The Biological Perspective
An overview of this approach (including links to discussions of Schacter and Singer, and Sperry's research)


The focus of this perspective is the interaction between the physiological and psychological factors that contribute to behaviour. To understand this interaction, a basic understanding of physiology is needed.
Until the middle of the 19th century, most humans regarded themselves as very distinct from animals.
Since Darwin’s discoveries were published, there has been a general acceptance that humans have evolved from animals, that we have a substantial number of physiological and behavioural characteristics in common, and that we also share much of our genetic make-up with them.

This acceptance has led psychologists to increase research into basic physiological processes as a way of explaining human behaviour. Changes in behaviour can be regarded as arising from an interaction between genetic disposition and environmental factors. Research has frequently, but not exclusively, used the experimental method to investigate behaviour. There are issues that are relevant to the biological perspective, including criticisms that this may involve a reductionist approach and that behaviour exhibited by non-human animals is not always relevant to humans.

There is an increasing awareness, due to the use of brain-scanning techniques, that physiological mechanisms play an important role in the behaviour of individuals in areas as diverse as aggression and stress. The greater insight that researchers have provided into biological processes means that behavioural problems are now often treated using a combination of drug treatment and psychological treatment, to alleviate symptoms caused by psychological disorders.

(Source: IBO Diploma Programme, Psychology, For first examinations 2005)

Learning outcomes

Students should expect questions asking them to:
  1. describe and evaluate theories and empirical studies within this perspective
  2. explain, where appropriate, how cultural, ethical, gender and methodological considerations may affect the interpretation of behaviour from a biological perspective
  3. compare theories, empirical studies and the four content topics of this perspective with those from other perspectives
  4. identify and explain the strengths and limitations of biological explanations of behaviour
  5. explain the extent to which the concepts of free will and determinism relate to this perspective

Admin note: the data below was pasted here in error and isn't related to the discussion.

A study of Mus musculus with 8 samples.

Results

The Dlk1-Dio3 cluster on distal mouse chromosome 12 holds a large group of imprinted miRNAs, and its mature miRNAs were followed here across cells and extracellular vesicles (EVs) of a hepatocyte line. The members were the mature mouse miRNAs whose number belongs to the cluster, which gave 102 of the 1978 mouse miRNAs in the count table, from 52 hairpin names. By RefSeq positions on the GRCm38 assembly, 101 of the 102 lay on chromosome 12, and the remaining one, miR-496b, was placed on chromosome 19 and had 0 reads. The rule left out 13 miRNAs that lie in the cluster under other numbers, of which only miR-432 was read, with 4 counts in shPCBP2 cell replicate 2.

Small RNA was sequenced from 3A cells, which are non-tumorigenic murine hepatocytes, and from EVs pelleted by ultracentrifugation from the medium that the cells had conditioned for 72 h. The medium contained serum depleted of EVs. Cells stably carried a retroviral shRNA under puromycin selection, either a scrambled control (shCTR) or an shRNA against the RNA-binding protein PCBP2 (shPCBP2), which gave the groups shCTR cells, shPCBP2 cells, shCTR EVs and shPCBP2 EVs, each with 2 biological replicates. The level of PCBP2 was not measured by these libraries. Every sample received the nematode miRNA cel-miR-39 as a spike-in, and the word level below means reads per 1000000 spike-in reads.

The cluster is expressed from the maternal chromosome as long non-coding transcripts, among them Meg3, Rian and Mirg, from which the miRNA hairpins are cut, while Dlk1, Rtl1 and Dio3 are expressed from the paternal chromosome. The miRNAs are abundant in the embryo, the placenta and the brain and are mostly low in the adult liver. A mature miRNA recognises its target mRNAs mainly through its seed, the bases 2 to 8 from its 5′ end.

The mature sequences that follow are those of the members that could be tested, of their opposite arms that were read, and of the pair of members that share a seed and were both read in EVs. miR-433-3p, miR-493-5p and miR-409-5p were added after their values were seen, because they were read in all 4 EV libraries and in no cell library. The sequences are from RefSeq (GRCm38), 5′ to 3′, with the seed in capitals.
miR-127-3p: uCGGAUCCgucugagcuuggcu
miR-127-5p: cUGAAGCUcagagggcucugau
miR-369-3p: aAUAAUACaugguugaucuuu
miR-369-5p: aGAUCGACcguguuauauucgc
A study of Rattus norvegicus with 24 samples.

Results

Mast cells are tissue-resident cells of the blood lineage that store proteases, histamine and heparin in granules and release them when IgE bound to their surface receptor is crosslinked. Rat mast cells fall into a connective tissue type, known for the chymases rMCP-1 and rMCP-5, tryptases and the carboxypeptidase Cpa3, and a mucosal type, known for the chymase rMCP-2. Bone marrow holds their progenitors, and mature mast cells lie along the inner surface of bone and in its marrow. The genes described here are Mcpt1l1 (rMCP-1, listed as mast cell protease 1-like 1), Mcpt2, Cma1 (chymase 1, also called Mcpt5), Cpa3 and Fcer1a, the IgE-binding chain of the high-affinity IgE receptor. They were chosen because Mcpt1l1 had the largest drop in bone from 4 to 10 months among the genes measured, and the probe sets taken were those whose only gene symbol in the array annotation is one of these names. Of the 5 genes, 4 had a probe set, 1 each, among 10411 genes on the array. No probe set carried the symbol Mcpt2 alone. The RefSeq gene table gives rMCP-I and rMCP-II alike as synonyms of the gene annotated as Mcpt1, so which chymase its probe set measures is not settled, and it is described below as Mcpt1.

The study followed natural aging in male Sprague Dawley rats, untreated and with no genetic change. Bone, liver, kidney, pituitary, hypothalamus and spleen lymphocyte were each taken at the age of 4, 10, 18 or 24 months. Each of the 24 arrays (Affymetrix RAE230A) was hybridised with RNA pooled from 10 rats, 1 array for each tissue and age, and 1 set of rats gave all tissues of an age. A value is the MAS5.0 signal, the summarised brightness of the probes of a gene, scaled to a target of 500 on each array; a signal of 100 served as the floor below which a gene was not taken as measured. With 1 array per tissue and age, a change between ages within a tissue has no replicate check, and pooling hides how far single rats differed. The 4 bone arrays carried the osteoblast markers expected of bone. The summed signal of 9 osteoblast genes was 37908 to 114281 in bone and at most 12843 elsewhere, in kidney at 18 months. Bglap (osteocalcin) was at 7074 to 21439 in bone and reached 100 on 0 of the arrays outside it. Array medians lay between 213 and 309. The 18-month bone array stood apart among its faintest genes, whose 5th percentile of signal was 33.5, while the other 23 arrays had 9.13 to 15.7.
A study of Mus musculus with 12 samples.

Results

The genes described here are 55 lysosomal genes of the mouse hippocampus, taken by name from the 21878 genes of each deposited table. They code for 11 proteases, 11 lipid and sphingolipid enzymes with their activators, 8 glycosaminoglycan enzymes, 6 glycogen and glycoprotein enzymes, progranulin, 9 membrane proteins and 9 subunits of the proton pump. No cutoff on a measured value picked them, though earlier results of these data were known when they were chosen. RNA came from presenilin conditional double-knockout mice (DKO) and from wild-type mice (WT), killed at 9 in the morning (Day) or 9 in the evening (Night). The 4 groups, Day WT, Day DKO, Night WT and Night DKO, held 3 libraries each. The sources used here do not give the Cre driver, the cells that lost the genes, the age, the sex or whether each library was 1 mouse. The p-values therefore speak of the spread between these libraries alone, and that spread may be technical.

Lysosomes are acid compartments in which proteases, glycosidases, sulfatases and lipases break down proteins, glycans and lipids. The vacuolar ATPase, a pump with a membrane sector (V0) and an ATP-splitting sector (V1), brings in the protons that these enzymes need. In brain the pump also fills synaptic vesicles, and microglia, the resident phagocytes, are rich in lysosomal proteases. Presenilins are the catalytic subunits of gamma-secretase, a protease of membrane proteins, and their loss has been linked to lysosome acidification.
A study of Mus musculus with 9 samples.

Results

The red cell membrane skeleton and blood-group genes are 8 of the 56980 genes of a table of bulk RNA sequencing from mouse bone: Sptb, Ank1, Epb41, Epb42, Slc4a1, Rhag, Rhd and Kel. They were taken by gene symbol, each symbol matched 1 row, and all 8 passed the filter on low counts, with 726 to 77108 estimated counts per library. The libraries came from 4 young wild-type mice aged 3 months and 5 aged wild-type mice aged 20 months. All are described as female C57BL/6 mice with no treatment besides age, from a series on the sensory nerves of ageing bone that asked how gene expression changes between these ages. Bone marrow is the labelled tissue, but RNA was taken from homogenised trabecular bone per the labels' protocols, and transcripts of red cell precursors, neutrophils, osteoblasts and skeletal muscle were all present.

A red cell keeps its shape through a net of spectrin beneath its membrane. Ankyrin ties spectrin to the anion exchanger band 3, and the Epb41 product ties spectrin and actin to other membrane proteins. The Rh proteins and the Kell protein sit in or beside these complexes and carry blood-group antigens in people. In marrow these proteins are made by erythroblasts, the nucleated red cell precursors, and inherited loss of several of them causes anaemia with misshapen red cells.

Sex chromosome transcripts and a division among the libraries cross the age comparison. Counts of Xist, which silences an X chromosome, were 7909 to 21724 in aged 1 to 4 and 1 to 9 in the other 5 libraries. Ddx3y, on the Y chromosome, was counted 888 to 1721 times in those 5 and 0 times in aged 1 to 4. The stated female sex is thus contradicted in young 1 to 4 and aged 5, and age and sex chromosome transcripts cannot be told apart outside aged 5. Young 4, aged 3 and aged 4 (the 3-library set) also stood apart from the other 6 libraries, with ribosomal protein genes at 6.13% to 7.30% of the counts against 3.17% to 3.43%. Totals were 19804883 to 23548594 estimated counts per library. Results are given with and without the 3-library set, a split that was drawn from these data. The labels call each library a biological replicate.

6. explain and evaluate claims that correlates exist between physiological processes and behaviour
  7. discuss controversies surrounding a reductionist approach, as adopted by many biological psychologists.

(Source: IBO Diploma Programme, Psychology, For first examinations 2005)


Development and cultural contexts

Historical and cultural conditions that gave rise to the biological perspective
  • influence of Darwin
  • scientific discoveries about biological processes
For this section, review your papers on this topic

Contribution of the biological perspective to the scientific study of behaviour

  • biological correlates of behaviour, such as genes, neurotransmitters and hormones
  • localization of function in the brain
  • genetic contributions to explanations of behaviour, for example, twin and adoption studies
  • effects of hormonal change on behaviour, such as melatonin and serotonin in the sleep–wake cycle

Framework Outline

Click here for material on the framework
Key concepts

  • central nervous system (organization and function)
  • neurotransmitters (general mode of action)
  • endocrine system
  • role of genes

Assumptions on which key concepts are based
  • biological factors (such as genes and hormones) influencing behaviour
  • relative importance of inherited disposition
  • relevance of animal research

Evaluation of assumptions
  • comparison with other perspectives to explain strengths and limitations
  • empirical studies that challenge or support

Theoretical explanations of behaviour
  • use of drugs, surgical procedures
  • physiological impairment, such as strokes or Alzheimer’s disease
  • physiological factors involved in emotion
  • brain injuries
  • influence of hormones

  • correlational studies
  • double-blind trials
  • experiments
  • interviews
  • case studies
  • questionnaires
Strengths and limitations of methods
  • reliability and validity
Ethics and controversies of research
  • use of human participants for research
  • use of non-human animals for research


Effectiveness (relative strengths and limitations) of the perspective in explaining psychological or
social questions

  • comparison with other perspectives on explaining depression and stress
  • application of genetic research and its ethical implications

Application of theories and findings of empirical studies from the biological perspective
  • stress management
  • drug therapy for dysfunctional behaviors
  • surgical procedures for dysfunctional behaviors

(Source: IBO Diploma Programme, Psychology, For first examinations 2005)


SAQ prompts

List of short answer and essay questions (scroll to the bottom of the page)

Practice essay questions
Discuss how ethical and methodological considerations affect the interpretation of behavior from a biological perspective.